The Ukraine Report: Ukraine is developing export alternatives as the grain deal inches toward expiration date

On July 17th, another phase of the grain deal comes to an end.

Latifundist Media has partnered with us to provide boots-on-the-ground coverage:

Currently, the grain corridor is operating at its minimum capacity. Since late June, the Russians have in fact refused to inspect inbound vessels, the Ukrainian Ministry of Infrastructure said.

“Ukrainian agricultural products play a significant role in global food security. A complete shutdown of Ukrainian grain exports via sea routes will lead to higher food prices and exacerbate the crisis in impoverished nations. The international community and our partners understand this»

The Russian foreign ministry said it had no intention of extending the deal, while Russian president Vladimir Putin’s spokesman Dmitry Peskov said that no final decision had been made. Earlier, the Russians had threatened to disrupt the deal, and then twice extended it for two months instead of four.

Meanwhile, Ukraine is developing alternative options for grain exports, including enhanced use of the Danube River. At the same time, the option of using the grain corridor outside the grain agreement is gaining more and more attention. This is an option in case Russia refuses to extend this initiative.

“We call it Plan B. It refers to both the Danube ports and additional financial instruments that will allow us to insure ships entering Odesa ports and ready to ship grain outside the grain deal.”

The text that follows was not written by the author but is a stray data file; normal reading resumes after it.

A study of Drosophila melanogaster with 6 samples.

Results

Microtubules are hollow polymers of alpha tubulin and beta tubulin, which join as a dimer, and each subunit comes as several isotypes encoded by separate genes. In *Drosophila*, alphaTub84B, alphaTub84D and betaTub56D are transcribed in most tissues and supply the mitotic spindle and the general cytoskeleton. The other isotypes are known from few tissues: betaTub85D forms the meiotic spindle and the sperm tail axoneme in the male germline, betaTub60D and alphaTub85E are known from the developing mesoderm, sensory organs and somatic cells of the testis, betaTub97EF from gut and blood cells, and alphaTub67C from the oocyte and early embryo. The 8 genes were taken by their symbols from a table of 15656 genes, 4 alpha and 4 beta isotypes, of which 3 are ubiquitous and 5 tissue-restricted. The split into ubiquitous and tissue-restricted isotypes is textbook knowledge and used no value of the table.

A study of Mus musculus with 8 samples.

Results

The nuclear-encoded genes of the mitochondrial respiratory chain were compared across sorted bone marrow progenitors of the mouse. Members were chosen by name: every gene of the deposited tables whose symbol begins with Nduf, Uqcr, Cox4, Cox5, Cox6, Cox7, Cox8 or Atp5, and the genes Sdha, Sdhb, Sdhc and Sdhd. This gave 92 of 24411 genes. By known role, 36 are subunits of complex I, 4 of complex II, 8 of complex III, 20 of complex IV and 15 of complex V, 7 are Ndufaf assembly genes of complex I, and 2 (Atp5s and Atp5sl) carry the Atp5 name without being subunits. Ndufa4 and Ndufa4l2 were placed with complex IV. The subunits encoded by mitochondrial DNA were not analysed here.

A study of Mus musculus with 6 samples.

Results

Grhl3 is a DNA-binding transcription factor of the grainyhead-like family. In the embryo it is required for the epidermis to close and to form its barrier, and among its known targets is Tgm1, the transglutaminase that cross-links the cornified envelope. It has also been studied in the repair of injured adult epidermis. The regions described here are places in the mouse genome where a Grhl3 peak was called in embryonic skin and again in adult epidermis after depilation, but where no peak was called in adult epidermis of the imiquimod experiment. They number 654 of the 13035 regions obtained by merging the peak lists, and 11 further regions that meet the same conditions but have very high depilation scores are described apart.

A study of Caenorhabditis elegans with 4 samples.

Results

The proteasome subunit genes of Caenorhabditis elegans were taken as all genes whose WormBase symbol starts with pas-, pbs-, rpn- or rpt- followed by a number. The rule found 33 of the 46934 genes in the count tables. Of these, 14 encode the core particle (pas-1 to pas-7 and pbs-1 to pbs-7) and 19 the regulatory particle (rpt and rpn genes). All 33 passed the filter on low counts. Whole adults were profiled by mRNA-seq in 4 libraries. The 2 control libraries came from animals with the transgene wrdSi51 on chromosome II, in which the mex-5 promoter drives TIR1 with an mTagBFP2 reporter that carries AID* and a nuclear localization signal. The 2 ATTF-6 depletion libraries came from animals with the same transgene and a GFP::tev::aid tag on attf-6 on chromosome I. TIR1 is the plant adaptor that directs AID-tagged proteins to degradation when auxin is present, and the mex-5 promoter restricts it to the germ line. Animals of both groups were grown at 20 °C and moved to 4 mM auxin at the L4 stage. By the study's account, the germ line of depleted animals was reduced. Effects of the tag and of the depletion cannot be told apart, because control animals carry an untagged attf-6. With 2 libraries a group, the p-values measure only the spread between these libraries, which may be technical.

The Ministry of Infrastructure of Ukraine is cautiously confirming this possibility.

“If you are asking about the operation of ports outside the grain deal, then all the agencies on whom it depends are working on this issue. I am not ready to say when it will happen and in what form.”

Previously, the Ukrainian parliament approved a $535 million fund that will guarantee payments to foreign shipowners in the event of damage to a vessel or cargo. The key question now is whether insurance companies and ship owners are ready to work in such conditions.

Part of Ukrainian business is ready for such a scenario, Yevhen Osypov, CEO of one of Ukraine’s largest agricultural companies Kernel, commented.

“If you are asking whether we believe in the Ukrainian insurance fund and whether we are ready to take risks as a company, then yes, we do, and we are ready to take risks. But how and in what formats will depend on the Ministry of Infrastructure and the military. That is, when an algorithm enabling entry to ports is developed.”

In any event, the entire grain market is waiting for July 17th. The final decision will have an instant impact on global grain prices.

That report was powered by Latifundist Media, with USAID support provided through Agriculture Growing Rural Opportunities (AGRO) Activity implemented in Ukraine by Chemonics International. For more information, visit their website or follow them on social media.

Related Stories
From a $32 billion projected trade deficit to a drafted Farm Bill working in a deficit, here are the headlines most important to Rural Americans in June 2024.